When Ingrid Vanderveldt approached Dell in 2011 about serving as its Entrepreneur-in-Residence, the program didn't exist. What did was Vanderveldt's incredibly ambitious goal: empower a billion women by 2020.
Fortunately, Dell liked Vanderveldt's aspiration and took her up on the offer at a time when only a handful of Fortune 500 companies had the position. The proposed six-month program stretched into a three year, global commitment, supporting projects and policy around the world.
"In five years, I want when people to think about the Entrepreneur-in-Residence to think of me," says Vanderveldt. "And think, this woman fundamentally redefined what an Entrepreneur-in-Residence can be."
Prior to working with Dell, Vanderveldt founded a number of companies and ventures including creating and hosting CNBC’s first original primetime series, “American Made,” founding Ingrid Vanderveldt LLC, acting as CEO of VH2 Energy Investments & Green Girl Energy, and founding the GLASS Forum.
Joining Dell meant taking her message of entrepreneurship and female empowerment global. Vanderveldt spends 90 percent of her time on the road. Her duties encompass everything from supporting startup incubators in the U.S. to visiting Kenya to check out a program crafted by Dell where women living in the trash-filled slums can dig out electronics to sell to a recycling plant.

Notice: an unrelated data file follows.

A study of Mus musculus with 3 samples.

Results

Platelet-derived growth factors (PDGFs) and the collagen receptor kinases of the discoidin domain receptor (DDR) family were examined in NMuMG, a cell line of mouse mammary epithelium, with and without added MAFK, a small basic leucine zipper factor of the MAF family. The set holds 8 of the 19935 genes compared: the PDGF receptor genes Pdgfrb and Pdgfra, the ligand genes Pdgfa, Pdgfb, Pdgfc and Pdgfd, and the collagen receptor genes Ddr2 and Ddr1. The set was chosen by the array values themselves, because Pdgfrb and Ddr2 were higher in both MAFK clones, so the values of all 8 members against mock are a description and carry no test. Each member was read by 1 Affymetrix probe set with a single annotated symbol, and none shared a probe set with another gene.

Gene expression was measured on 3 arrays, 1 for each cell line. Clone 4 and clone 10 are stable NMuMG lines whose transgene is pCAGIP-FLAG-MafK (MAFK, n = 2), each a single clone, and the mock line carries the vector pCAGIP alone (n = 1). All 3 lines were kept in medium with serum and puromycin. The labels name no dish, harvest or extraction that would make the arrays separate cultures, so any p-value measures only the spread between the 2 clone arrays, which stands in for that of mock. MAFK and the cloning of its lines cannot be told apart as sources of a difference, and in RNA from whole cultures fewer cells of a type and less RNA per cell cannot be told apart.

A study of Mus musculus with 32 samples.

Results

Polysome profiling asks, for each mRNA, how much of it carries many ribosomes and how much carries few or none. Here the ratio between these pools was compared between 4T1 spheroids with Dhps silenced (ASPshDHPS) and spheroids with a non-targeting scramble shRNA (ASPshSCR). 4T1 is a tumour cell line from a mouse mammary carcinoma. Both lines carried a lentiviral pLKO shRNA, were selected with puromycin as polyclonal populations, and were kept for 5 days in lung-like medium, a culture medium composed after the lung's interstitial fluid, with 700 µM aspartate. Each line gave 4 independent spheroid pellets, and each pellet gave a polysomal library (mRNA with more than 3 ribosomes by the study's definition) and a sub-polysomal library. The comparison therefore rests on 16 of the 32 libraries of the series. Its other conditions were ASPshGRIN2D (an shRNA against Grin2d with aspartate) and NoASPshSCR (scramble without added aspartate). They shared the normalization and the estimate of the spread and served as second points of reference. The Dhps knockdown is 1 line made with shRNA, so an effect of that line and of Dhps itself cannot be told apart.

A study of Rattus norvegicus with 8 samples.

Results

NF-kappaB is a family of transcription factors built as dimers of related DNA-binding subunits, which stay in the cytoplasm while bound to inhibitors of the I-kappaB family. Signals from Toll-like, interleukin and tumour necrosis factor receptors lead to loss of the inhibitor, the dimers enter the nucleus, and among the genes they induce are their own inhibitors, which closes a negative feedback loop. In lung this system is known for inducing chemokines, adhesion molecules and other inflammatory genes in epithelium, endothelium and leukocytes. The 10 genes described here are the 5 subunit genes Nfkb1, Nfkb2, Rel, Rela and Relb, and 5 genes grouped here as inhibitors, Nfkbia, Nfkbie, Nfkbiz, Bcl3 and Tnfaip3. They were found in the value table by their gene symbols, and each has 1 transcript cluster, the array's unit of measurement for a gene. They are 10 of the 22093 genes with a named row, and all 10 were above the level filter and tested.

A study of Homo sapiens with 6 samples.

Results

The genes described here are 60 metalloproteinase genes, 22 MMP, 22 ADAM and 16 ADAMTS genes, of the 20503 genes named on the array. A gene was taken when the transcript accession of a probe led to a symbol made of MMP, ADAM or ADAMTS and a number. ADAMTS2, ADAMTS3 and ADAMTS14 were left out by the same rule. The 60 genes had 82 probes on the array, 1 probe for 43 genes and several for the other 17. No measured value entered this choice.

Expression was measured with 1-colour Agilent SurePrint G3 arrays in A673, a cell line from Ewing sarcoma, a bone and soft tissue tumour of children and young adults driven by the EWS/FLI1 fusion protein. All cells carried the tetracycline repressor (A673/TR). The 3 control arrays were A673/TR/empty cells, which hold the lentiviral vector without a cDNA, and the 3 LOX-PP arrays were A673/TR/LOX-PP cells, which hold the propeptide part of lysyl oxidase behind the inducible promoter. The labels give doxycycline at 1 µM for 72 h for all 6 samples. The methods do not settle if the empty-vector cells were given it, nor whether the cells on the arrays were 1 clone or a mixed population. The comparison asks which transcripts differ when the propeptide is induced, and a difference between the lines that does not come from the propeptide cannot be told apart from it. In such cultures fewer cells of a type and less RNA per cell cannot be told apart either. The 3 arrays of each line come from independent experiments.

As creator and primary powerhouse behind the $100 million Dell Innovators Credit Fund and the Dell Center for Entrepreneurs, Vanderveldt describes her role as trying to encourage and support entrepreneurs where ever they are.
"Michael Dell and the leadership team fundamentally believe if we're going to get our global economy turned around, it's not the big companies that are going to do it, it's the entrepreneurs and small businesses that are going to do it," says Vanderveldt. "And, they want to be part of it."
Global entrepreneurship, Vanderveldt argues, goes hand in hand with female empowerment worldwide. Her goal to empower a billion women – one-seventh of the world's population – is an incredibly broad and ambitious one. However, Vanderveldt says that entrepreneurs could be served well by creating loftier goals.
"You need to authentically own your calling. You stop worrying about, 'Oh my God, this is ridiculous, no one is going to believe me,' and start worrying about, 'Okay how would I do that?'" she says. "For me, that came down to business, policy and media, the three areas I focus on."
In the last three years, Vanderveldt says she has seen incredible progress as she's worked to help create opportunities for female entrepreneurs and leaders worldwide. Conversation about gender and entrepreneurship is growing, and change is in the air around the world.
While Vanderveldt is grateful for the part she has been able to play in promoting entrepreneurship for women worldwide, she is ready to pass the torch onto a new Entrepreneur-in-Residence at Dell this June. However, don't think this means she is letting go of her goal to empower a billion women.
While some aspects of her next gig are still confidential, she promises that it will deal with smartphones and financial literacy -- two topics she considers highly linked and game-changing for female entrepreneurs, especially in developing countries. So, the question continues to reach and empower worldwide, as 2020 nears.
"I grew up thinking I would be a missionary and ended up being an entrepreneur," Vanderveldt says. "[At Dell,] we often say that I am now a missionary of sorts."